PM Best Practices: How to interview your users (and why it’s important!)

Among our many responsibilities, Product Managers are tasked with representing the voice of our customers. It’s the PM’s job to know—intimately—our customers’ tendencies, motivations, and pain points, and to use this knowledge to guide decisions about what investments to make, what features to develop, and what technical trade-offs are worth it.

Gaining this knowledge isn’t easy. At Heap, our customer base is pretty diverse, and includes companies of different sizes, teams with different responsibilities, and users in multiple industries. Your customer base is likely similar—far too diversified to be captured by any single customer profile.

So what’s a good PM to do? Well, at Heap we think it’s important for our PMs to learn how to run an effective user research program, and to get the accurate, unbiased feedback we need to make the right product decisions. As a bonus, running a good user research program also provides an opportunity to build strong relationships with your users—relationships that will continue to reap benefits as you continue to iterate on your product.

Like many companies, we’re not large enough to have a dedicated user research team, so our PMs pair with our designers to run the process. We’re all still learning. But in what follows I’ll walk through some lessons I’ve learned (often the hard way!) about running a good user research program.

Running a good user research program

Find the Right Person to Interview

Interviewing the wrong person is a waste of time for everyone involved. The last thing you want is to get feedback, incorporate it into your product, then realize that the person you’ve been talking to wasn’t the person you should have been talking to.

The path to these nightmare scenarios often starts by asking account owners for help identifying people to interview. It’s not that account owners aren’t interested. It’s just that account owners tend to recommend their main point of contact in the outside company, which is usually the economic buyer. And the economic buyer is usually too far removed from day-to-day product use to be helpful in a product-focused interview.

A better strategy is to start out by specifying the characteristics of the person you’d most like to talk to. These characteristics can be both work-related (What team are they on? What is their role?) and product-specific (How often do they take action X? How sophisticated is their usage of feature Y?). In my job, I use Heap to build a segment of users based on rules that match my ideal criteria. Only then do I partner with account owners to reach out to these users.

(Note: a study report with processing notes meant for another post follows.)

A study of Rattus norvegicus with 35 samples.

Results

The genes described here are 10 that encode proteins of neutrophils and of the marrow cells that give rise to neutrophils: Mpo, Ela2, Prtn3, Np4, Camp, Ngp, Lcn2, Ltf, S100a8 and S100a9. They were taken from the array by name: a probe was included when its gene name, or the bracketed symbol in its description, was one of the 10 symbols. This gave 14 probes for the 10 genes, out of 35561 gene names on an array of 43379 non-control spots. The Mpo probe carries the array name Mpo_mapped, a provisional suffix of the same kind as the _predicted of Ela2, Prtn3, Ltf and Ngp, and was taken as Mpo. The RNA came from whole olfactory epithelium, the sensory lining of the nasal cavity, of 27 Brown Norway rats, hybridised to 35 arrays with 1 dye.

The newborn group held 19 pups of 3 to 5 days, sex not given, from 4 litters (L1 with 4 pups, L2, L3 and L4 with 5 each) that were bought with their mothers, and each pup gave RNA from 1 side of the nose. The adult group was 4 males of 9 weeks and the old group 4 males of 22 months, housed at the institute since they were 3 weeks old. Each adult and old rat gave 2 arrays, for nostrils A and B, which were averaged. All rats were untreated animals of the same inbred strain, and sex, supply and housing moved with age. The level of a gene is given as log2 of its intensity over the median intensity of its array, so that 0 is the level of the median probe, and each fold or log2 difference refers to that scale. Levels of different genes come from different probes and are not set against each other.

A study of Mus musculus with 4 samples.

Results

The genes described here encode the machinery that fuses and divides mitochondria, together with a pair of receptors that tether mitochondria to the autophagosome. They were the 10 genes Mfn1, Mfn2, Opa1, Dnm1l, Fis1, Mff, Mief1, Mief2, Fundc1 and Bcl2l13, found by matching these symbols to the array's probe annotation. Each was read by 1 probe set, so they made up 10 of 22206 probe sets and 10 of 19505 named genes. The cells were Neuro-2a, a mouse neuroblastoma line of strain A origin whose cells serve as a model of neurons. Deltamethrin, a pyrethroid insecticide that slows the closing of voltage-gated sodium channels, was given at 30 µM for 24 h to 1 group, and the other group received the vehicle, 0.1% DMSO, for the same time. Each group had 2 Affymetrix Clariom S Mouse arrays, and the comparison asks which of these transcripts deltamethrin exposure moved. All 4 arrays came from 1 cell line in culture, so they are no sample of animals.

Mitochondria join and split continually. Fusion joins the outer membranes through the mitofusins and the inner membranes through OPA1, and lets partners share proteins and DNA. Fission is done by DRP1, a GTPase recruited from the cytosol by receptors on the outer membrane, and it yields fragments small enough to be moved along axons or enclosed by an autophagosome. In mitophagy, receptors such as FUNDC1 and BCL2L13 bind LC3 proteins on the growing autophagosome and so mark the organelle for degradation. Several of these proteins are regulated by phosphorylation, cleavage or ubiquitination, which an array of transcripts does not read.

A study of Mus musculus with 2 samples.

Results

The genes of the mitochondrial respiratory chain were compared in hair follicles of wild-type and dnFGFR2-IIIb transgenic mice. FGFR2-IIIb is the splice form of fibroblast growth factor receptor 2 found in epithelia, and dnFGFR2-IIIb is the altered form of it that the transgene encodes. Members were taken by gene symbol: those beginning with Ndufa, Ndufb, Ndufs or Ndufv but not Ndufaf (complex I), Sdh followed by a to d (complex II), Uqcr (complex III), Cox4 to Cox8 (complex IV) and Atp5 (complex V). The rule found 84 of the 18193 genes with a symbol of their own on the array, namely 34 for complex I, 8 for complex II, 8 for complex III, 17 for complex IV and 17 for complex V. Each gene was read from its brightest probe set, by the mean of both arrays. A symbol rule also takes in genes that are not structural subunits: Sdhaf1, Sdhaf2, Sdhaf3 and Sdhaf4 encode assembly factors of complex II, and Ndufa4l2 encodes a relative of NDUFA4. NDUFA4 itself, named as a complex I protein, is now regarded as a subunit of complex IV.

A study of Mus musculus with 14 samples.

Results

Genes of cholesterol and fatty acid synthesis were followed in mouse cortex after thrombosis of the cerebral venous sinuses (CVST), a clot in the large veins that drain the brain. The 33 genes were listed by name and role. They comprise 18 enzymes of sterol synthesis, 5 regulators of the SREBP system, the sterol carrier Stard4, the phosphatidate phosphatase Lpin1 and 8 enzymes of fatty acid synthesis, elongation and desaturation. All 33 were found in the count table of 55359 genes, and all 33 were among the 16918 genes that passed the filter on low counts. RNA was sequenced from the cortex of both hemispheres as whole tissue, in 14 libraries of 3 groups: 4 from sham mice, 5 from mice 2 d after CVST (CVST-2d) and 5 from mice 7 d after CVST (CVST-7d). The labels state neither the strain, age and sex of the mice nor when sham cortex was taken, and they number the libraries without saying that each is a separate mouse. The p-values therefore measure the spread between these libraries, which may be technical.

Using this approach has yielded many high-quality interviews. I’m surprised how many power users fly under the radar of account owners. Without this technique, I would never be connected to them and would miss out on valuable user insights.

Incentivize your interviewers

There are many examples of research programs offering bad incentives. Just last week, I received a canned email to provide feedback in exchange for entering a raffle for an AWS gift card. While intrigued, I didn’t respond. (A raffle for an AWS gift certificate? Not worth it!) At Heap, we’ve spent lots of time experimenting with different kinds of incentives. Surprisingly, offering a monetary prize resulted in limited success; people tend to not be motivated by putting a price on their time.

So what do users care about? What our experiments have taught us is that interviewees want to know 1) that they’re the right person to be offering insights, and 2) that their feedback will make an actual difference.

We now address this issue head on by addressing both concerns in our invite email, sharing our target characteristics from the previous step (which reassures interviewees that their opinions do matter to us), and by detailing how their feedback will affect project status, timelines, and next steps. Invites that include this information points tend to have a 90%+ response rate!

Make a plan

It’s easy for research calls to become biased. Your users may feel pressured to validate that your plan makes sense. Or you may end up (despite yourself!) processing only the points you want to hear. That’s why it’s important to craft a research plan that can protect you from introducing undesirable bias into the process.

At Heap, every research program starts from a research brief, which we use as a forcing function to ensure we get the kinds of results we want. Research briefs aim to answer the following questions; we address each question in its own section of the brief:

  • What is the goal of this research? What will the outcome inform?
  • What do we want to learn? What are open questions to ask for each of the things we want to learn?
  • What are project risks we want to explore? What questions will help de-risk these? What answers will successfully de-risk these?
  • What does the research program look like? How many people will we talk to? How long is the program? What are the deliverables?

It’s important to remember that your answers to these questions may evolve. Once you start talking to users, you may realize that you’re asking about the wrong thing, or that there are other priorities that justify your attention. This is a good thing! It means your research is doing the right thing: giving you more knowledge about your users and the problems they’re facing.

Bonus tip: Designers often have experience doing user research and can help you ask questions in an unbiased way. Loop in your design colleagues to review your research plan and offer feedback.

Better research = better information

User research is really fun—you’ll discover new ways to think about your product and find new dimensions to your users. Following these guidelines helped me find useful patterns in user feedback. Hopefully, these tips help you get the data you need to make better product decisions.